A protest outside parliament the day after the Leave vote. London strongly backed Remain © Getty

As a consolation for liberal Londoners still smarting at the referendum result, this is not much to hang on to. But it may contain a hint as to how a nation of such varying impulses can be governed. 

Britain is one of the most centralised countries in the rich world. Until now, the case for devolving power within it has majored on efficiency. Public services might be better, for instance, if all material decisions were made near the people who use them. If more taxes were raised and spent locally, communities could also make grown-up choices about the proper size of the state. 

The assumption here is that every voter and every town ultimately wants the same thing: only the means are contested. Localism has become a technocrat’s cause, a way of tinkering our way to a smoother-running country. And we wonder why it never takes off. 

The referendum showed that people disagree on what constitutes the good life, not just how to achieve it. Forced to choose, some voters would trade a bit of economic dynamism for greater social stability. National sovereignty was an esoteric concept to millions of people and a point of unshakeable principle for many in the triumphant 52 per cent. 

These divergent sentiments, cloaked for decades under a Blairite-Thatcherite consensus among policymakers, could be the cue for despair. Or they could give the cause of devolution an emotional force it has always lacked. If Britain is a patchwork of beliefs, national policy can never fail to frustrate a large share of the population. Local decision-making is no clean fix — not every Londoner is relaxed about immigration, not everyone in Sunderland opposed to it — but its inherent looseness is a better fit for a society that has grown too complex for its institutions. 

The great giveaway of power should start at the ultimate point of contention. If London (or Bristol, or Manchester, or any other commercial city) is hungry for foreign labour, it should be able to issue its own work visas. Recipients would have to clear security checks at a national level and could not stray to any job in any part of the kingdom they fancy.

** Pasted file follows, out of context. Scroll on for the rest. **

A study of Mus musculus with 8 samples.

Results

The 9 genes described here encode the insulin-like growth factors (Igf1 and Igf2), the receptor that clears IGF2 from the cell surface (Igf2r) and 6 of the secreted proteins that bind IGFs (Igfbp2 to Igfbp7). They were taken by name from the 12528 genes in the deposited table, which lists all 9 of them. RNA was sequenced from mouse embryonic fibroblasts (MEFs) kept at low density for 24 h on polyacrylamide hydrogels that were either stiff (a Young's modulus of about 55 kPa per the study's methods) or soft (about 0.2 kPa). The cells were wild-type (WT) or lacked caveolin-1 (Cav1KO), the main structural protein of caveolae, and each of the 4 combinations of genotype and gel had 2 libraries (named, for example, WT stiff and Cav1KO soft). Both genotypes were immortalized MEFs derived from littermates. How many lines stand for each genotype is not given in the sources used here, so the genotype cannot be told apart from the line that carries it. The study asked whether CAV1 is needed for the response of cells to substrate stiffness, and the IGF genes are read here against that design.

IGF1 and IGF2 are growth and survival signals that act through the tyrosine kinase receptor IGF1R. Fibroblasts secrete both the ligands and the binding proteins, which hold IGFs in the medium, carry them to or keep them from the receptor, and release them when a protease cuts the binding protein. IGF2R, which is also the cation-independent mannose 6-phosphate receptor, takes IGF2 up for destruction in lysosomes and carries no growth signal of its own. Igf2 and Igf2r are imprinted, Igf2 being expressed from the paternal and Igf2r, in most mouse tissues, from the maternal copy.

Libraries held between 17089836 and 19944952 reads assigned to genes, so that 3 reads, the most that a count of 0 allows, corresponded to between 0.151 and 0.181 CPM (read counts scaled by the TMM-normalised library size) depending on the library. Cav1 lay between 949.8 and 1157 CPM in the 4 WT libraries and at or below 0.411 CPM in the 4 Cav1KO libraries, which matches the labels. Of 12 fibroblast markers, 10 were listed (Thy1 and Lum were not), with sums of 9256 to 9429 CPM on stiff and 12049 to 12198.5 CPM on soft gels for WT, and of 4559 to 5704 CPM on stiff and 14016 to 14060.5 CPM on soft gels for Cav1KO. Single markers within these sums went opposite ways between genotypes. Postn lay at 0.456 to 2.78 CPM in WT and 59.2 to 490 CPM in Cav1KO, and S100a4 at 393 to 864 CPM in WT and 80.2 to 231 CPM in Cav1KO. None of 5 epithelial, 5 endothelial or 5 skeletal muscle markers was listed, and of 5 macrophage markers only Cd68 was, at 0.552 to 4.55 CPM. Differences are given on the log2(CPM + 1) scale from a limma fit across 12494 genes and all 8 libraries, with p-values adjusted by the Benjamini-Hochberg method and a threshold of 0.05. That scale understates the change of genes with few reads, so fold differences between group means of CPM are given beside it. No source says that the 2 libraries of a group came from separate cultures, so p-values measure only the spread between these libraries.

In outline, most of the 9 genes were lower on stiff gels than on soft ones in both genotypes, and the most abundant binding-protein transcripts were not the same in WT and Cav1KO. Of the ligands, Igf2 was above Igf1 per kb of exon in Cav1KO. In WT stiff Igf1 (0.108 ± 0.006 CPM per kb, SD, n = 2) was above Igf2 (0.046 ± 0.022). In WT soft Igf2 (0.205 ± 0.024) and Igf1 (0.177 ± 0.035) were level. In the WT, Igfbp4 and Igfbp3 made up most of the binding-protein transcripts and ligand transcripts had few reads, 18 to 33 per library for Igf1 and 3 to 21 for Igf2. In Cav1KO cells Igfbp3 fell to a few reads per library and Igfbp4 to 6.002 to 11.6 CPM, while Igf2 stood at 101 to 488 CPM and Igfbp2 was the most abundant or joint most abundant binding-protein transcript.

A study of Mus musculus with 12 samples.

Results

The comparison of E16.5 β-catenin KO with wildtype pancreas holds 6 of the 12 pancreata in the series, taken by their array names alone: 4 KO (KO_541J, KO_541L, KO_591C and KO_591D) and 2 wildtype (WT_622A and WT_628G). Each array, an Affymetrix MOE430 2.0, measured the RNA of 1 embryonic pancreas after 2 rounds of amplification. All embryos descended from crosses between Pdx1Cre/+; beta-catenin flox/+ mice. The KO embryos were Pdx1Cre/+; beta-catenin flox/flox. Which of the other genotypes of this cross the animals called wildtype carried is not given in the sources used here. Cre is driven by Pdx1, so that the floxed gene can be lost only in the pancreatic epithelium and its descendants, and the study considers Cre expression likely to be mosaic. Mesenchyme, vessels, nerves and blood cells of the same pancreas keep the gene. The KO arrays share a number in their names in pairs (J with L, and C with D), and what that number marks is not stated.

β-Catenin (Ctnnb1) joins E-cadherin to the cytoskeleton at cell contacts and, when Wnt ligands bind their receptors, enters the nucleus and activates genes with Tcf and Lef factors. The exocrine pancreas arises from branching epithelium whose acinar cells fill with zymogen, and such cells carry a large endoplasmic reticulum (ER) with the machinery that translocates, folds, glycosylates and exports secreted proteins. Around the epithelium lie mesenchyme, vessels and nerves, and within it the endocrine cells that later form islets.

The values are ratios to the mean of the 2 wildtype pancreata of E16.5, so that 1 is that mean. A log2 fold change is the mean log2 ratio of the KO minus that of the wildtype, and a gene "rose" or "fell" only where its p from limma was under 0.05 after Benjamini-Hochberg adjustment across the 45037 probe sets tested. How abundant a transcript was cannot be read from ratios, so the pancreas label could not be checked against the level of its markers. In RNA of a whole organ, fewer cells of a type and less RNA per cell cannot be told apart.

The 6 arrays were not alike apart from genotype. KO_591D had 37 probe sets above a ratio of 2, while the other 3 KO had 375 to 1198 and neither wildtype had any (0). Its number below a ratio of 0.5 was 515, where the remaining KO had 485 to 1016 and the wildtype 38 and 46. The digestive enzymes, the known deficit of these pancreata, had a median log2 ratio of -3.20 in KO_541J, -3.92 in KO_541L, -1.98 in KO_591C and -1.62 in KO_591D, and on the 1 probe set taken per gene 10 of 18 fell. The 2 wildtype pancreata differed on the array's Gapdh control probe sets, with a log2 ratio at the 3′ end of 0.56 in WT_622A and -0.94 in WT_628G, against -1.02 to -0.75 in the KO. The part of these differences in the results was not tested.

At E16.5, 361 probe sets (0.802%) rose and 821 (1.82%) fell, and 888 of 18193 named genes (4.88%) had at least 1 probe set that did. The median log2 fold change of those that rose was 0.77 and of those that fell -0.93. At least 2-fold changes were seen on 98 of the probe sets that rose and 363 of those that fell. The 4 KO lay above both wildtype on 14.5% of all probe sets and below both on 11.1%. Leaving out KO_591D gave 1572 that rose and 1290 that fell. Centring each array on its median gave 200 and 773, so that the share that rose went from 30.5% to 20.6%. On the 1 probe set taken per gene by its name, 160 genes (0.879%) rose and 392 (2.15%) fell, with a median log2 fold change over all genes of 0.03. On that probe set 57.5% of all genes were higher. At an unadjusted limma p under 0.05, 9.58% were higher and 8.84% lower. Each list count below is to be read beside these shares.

Aside from those trammels, however, each mayor or local authority would be free to decide the annual number of visas and the qualifying criteria. Lincoln could retrench while London opens up even more. The nervous-minded would see this as the fragmentation of Britain. It would actually be a case of politics catching up to a fragmentation that already exists. 

Britain’s tight laws on planning and land use could also give way to local fiat. The resulting decisions may confound stereotypes of an anything-goes capital and a deindustrialised north averse to change. It is a region like the north-east that has every incentive to cut planning constraints on commercial property to the bare minimum. Businesses need a reason to set up there and ease of construction is a compelling one. Conversely, it is London, spoilt for choice by high-value planning applications, that can discriminate according to aesthetics and the social good. 

Localism should not be oversold. Some questions can only be decided by national governments and the exact nature of Britain’s withdrawal from the EU is one of them. If the country leaves the single market, there will be no carve-out that somehow keeps the capital and a few other pro-European cities inside. But the referendum exposed irreconcilable differences on matters that go beyond EU membership, including the pace of change and our exposure to markets. These can only be accommodated, if imperfectly, by a looser model of government. 

If politicians have always talked a better game about devolution than they have played, it is because the clamour has been so muted. The divisions illuminated by the referendum might change that, galvanising a think-tank trope into a popular cause — with London at the vanguard.